The Fear Institute is a story about the necromancer Johannes Cabal, who is commissioned to enter the world of dreams in order to seek out and kill the Phobic Animus, the embodiment of all the fear in the world. Of course, entering the world of dreams turns our seemingly objective world into an inconveniently subjective one. If you think something is going to happen, it just as likely will happen. And if you fear something, unfortunately there's a very good chance your fears will become reality (or whatever passes for reality in the world of dreams). Most inconveniently, the world of dreams is also the world of nightmares, leading to some encounters with some pretty imaginative monsters. And lots of ghouls.
Howard can write very well, which meant that as I read the first few chapters of The Fear Institute, chuckling to myself at the dry humour, I though I was onto a winner with this book. That feeling only strengthened as Cabal and his fellow fear-hunters entered the dream world - Howard's imagination is more than equal to the task of describing a subjective world made of dreams.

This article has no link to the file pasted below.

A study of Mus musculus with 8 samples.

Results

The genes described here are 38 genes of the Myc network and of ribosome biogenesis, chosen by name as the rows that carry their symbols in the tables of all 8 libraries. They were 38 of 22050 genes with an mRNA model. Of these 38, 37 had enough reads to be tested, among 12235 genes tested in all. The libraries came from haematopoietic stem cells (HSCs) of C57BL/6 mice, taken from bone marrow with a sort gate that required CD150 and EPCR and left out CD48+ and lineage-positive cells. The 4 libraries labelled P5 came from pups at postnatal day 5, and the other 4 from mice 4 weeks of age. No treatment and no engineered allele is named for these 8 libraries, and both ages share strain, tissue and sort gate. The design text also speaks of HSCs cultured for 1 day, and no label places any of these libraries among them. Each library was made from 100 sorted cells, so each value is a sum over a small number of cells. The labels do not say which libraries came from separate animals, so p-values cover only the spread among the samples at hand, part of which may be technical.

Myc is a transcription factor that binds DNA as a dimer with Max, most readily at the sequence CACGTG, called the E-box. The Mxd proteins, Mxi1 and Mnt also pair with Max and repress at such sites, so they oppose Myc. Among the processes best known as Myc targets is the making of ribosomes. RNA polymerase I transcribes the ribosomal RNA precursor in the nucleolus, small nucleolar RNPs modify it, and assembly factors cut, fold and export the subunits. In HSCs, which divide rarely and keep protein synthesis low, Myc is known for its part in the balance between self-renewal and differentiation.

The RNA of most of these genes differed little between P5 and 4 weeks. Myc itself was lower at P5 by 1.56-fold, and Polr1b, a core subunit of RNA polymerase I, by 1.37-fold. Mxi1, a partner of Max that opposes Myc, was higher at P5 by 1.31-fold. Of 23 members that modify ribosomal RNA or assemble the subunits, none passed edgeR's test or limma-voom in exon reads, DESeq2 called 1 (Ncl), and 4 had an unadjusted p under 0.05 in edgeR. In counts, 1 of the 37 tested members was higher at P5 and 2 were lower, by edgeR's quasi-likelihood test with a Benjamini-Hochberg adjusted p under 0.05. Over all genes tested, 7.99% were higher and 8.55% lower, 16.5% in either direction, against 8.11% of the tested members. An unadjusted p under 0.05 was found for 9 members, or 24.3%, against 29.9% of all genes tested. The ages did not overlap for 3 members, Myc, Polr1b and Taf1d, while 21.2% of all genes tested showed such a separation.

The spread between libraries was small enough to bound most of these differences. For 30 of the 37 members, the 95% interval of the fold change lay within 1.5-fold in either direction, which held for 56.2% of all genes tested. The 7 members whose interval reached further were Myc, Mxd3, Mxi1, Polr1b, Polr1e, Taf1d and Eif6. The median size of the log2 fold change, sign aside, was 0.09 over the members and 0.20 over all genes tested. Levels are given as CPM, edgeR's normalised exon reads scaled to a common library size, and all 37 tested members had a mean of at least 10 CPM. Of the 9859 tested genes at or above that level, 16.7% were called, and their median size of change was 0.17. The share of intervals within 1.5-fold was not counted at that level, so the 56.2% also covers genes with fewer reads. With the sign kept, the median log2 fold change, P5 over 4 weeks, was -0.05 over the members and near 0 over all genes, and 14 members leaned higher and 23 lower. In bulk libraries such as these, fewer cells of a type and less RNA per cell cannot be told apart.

Sadly, though, the plot lets the book down. When you strip away the layers of imagination and wit that jump out at you from the page, the storyline is conventional and a bit boring. Cabal goes somewhere, fights some monsters/archly saves his companions from a terrible fate because his instincts for danger are so good/has a conversation with a god pretending to be a ghoul or something similar. The party moves on to the next place and the same thing happens, three or four times until suddenly they're where they've decided the Phobic Animus is, and the finale happens. I found myself losing interest in the second half of the book - and once that happened all the wit and imagination couldn't make me give this book any more than three stars.
Howard is a writer to watch and enjoy, but I hope he has a better book than this one in his back catalogue or up his sleeve.